Vaguely Interesting Snippets | 2 April 2014

Injured Indian soldiers fighting for Britain in the First World War were treated at the Brighton Pavilion

India produced one of the greatest volunteer armies in the First World War. Approximately 1.5 million men from across the subcontinent volunteered to serve in the British Army. They arrived as soon as September 1914, bolstering the Allied lines at a critical moment in the defence of France.

Terrible slaughter along the western front inevitably brought thousands of Indian casualties into British hospitals. These were initially located across the south coast and included the very grand and decidedly Indian influenced Brighton Pavilion. As the British Library’s page on the Indian volunteers notes:

“The most spectacular of these military hospitals was the converted Royal Pavilion in Brighton, built in the ‘oriental’ style for George IV in the early 1800s. The Brighton Pavilion housed over 600 Indian wounded from the Western Front. Indian Medical Service doctors cared for them with the assistance of Indian Students, recruited by Gandhi into the Indian Field Ambulance Training Corps. Several other buildings in Brighton were converted, including a secondary school, and the infirmary and workhouse, which accommodated some 1500 patients and was named the Kitchener hospital.”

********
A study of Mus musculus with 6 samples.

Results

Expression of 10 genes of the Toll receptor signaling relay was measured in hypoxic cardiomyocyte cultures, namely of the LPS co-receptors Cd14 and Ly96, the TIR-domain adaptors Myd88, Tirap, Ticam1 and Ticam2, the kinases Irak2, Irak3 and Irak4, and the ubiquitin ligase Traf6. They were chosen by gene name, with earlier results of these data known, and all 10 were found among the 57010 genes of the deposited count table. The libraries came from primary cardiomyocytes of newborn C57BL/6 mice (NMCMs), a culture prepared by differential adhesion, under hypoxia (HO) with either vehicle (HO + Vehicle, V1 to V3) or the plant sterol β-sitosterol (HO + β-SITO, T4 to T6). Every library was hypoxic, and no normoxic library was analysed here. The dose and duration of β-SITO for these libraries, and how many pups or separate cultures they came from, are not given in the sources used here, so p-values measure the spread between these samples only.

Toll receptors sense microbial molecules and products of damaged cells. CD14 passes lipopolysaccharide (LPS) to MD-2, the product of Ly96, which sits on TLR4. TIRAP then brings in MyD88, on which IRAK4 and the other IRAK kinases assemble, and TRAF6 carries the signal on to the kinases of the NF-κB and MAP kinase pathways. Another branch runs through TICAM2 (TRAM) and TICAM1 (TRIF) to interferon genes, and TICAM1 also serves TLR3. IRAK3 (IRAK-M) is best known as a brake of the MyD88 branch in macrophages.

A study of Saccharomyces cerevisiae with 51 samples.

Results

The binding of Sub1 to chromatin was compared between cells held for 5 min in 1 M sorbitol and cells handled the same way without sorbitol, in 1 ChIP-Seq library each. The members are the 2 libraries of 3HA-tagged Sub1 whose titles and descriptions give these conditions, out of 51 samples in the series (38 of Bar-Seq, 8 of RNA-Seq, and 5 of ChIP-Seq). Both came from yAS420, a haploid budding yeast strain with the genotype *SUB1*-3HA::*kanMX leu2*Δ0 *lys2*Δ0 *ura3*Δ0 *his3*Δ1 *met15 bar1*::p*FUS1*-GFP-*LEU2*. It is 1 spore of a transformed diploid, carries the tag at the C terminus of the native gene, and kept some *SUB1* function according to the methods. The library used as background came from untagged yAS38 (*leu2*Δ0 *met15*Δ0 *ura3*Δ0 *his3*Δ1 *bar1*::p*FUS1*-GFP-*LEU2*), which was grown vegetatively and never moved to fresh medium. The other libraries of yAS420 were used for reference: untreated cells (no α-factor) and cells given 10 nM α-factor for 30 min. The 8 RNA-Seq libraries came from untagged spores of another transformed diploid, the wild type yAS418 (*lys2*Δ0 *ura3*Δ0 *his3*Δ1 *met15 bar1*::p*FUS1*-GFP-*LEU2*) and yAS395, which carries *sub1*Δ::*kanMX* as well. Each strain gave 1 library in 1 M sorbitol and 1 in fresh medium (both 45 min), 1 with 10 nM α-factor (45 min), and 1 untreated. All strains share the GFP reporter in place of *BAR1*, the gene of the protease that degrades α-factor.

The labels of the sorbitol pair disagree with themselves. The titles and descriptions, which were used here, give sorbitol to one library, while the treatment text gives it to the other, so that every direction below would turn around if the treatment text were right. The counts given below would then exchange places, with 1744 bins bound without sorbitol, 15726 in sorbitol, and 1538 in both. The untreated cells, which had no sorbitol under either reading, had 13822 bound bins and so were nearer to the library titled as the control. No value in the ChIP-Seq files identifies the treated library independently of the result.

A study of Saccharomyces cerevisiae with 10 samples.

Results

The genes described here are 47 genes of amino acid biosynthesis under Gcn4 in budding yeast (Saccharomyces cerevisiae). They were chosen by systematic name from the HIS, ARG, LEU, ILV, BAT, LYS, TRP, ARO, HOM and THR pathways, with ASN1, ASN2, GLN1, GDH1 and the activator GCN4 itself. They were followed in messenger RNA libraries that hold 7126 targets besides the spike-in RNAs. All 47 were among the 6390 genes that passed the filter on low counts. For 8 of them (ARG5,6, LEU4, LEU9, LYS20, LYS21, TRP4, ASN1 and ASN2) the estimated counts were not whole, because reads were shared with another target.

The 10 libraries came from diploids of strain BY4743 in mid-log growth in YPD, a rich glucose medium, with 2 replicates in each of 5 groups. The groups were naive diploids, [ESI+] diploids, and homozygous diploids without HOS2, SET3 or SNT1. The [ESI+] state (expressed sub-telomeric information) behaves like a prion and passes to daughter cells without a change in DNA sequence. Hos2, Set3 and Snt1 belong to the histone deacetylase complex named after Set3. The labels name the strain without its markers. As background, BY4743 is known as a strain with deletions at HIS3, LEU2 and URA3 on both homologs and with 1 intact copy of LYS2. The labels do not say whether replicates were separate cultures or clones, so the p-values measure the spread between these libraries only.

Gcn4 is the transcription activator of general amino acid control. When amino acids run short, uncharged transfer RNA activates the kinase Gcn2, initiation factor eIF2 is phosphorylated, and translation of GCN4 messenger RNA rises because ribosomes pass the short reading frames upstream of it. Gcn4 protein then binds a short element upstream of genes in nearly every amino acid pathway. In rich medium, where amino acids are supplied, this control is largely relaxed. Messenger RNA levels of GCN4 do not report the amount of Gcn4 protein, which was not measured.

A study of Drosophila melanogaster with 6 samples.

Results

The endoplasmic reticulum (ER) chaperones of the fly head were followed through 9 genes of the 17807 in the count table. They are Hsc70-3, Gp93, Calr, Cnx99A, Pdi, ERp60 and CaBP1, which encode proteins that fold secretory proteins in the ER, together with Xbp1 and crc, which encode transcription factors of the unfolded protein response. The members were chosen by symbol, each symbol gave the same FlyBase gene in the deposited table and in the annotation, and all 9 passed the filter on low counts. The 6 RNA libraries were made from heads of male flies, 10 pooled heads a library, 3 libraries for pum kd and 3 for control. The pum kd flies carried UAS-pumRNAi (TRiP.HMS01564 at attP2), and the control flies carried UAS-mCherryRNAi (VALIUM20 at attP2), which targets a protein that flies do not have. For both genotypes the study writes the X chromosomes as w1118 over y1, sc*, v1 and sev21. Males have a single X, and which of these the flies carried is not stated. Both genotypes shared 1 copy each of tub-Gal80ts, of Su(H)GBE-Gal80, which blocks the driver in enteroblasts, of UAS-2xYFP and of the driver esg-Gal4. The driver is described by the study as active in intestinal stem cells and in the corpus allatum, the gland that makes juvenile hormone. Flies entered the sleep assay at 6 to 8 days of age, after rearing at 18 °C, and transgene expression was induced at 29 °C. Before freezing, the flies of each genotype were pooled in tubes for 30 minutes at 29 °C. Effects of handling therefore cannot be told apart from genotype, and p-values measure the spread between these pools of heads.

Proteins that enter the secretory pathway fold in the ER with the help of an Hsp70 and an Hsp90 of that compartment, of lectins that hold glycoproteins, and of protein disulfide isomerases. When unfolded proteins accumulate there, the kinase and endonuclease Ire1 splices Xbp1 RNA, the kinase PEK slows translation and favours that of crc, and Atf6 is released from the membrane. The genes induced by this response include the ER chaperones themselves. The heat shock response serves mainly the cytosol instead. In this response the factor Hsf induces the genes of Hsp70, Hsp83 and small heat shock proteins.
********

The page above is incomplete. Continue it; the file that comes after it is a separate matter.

Italy manufactured fewer aeroplanes in the Second World War than in the First World War

The Italian war machine never approached the ruthless size or efficiency of its northern neighbour. This was most keenly felt in aeronautics, with Italian factories producing far fewer planes than its rivals and of markedly inferior quality. David Gilmour’s The Pursuit of Italy notes that:

“At the height of the conflict Italy was manufacturing as many aeroplanes a year as the United States was producing in a week. One of the most revealing statistics about the inefficiency of fascism is that Italy managed to produce more aeroplanes in the First World War than it did in the Second.”